Stonehenge is one of the most iconic examples of a prehistoric monument we have, but it turns out that it may be dwarfed in size by something buried underground less than two miles away. Researchers have been going over the area using ground-penetrating radar and other non-invasive technologies for the past few years and their data seems to show a major new stone monument.
“Our high resolution ground penetrating radar data has revealed an amazing row of up to 90 standing stones a number of which have survived after being pushed over and a massive bank placed over the stones,” professor Wolfgang Neubauer, director of the Ludwig Boltzmann Institute for Archaeological Prospection (LBI ArchPro), said in a release.
The row of huge (some believed to have originally measured over 12 feet in length) buried stones run along the flank of Durrington Walls, a lesser-known but larger prehistoric site a short walk from Stonehenge. Many of the stones seemed to have been pushed over and then buried beneath a huge bank to form what one of the project leaders describes as a sort of “fence or boundary” to an area that was likely one of the more important spots in Stone Age northwestern Europe.
“This latest work has given us intriguing evidence for previously unknown features buried beneath the banks of the massive henge monument at Durrington Walls,” said Phil McMahon of the preservation organization Historic England. “The possibility that these features are stones raises fascinating questions about the history and development of this monument, and its relationship to the hugely important Neolithic settlement contained within it.”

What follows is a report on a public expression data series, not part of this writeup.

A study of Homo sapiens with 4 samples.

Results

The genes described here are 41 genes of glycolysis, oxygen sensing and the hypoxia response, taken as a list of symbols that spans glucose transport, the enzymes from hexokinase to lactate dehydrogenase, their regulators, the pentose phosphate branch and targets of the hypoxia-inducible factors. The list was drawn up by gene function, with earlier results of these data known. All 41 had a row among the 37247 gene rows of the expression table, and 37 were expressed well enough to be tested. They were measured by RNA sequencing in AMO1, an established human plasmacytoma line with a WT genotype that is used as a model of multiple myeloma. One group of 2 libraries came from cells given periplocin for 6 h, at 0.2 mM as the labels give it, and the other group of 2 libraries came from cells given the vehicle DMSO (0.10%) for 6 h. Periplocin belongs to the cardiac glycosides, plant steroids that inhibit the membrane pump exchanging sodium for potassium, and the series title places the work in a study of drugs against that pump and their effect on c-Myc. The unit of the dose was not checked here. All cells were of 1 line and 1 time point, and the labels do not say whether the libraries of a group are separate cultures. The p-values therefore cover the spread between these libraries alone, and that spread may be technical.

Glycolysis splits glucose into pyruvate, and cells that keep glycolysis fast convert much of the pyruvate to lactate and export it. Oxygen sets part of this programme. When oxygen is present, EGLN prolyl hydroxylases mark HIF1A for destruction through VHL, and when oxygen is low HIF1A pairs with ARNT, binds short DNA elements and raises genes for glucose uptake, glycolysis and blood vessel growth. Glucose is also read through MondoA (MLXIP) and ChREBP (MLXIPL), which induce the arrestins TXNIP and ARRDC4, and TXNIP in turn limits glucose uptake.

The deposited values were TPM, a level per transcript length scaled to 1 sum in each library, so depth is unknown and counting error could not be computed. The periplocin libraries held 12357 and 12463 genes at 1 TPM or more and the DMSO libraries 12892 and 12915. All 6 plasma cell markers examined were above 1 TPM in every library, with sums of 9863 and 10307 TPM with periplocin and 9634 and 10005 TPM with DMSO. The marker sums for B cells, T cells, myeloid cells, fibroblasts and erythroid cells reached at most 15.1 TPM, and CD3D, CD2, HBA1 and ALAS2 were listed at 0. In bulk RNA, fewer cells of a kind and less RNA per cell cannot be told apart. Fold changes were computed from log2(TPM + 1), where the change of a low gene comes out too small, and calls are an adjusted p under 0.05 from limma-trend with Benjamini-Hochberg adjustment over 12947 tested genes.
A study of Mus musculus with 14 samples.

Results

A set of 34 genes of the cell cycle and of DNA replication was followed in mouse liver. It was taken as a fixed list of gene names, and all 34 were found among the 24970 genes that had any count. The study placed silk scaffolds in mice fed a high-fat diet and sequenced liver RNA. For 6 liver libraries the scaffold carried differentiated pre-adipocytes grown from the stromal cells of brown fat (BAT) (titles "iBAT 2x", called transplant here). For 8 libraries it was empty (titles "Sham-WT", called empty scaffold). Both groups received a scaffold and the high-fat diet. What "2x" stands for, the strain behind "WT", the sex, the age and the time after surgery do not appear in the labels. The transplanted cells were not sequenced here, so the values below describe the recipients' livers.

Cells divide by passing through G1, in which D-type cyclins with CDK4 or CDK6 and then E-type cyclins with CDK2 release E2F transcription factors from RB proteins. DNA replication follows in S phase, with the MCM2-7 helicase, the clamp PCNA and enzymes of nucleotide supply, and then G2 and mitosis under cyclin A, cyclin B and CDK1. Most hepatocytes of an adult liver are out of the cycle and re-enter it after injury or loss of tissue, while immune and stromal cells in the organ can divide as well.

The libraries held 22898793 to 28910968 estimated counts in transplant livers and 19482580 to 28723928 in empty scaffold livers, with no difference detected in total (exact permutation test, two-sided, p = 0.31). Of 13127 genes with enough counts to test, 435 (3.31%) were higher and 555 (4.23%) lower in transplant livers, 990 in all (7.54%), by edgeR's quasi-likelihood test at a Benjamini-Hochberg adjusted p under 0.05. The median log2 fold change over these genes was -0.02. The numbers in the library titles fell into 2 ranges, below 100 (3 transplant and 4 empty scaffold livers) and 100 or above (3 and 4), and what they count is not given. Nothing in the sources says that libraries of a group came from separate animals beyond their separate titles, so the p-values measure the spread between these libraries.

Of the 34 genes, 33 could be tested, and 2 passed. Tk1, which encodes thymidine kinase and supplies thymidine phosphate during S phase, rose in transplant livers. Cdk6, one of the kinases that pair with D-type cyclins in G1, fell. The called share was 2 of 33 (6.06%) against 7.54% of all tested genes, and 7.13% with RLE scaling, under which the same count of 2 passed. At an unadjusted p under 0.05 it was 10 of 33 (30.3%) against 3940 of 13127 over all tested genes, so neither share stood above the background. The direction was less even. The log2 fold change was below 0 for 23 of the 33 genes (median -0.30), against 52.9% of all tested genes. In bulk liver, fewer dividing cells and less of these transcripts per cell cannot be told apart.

Stonehenge and Durrington Walls are believed to have been the site of neolithic burial and ritual grounds near the river Avon, dating back between 4,000 and 5,000 years. As Crave’s Michelle Starr reported last year, LBI ArchPro’s Hidden Landscapes Project has recently revealed a number of other historic monument sites in this ancient neighborhood, but this is the biggest find yet for the project.
“I don’t think we could have anticipated finding not just a new monument underlying a very well known one, but to have these ruins of stone, it’s a completely new bit of information… the like of which archaeology has never seen in Britain before,” lead researcher Vince Gaffney of LBI ArchPro told the BBC.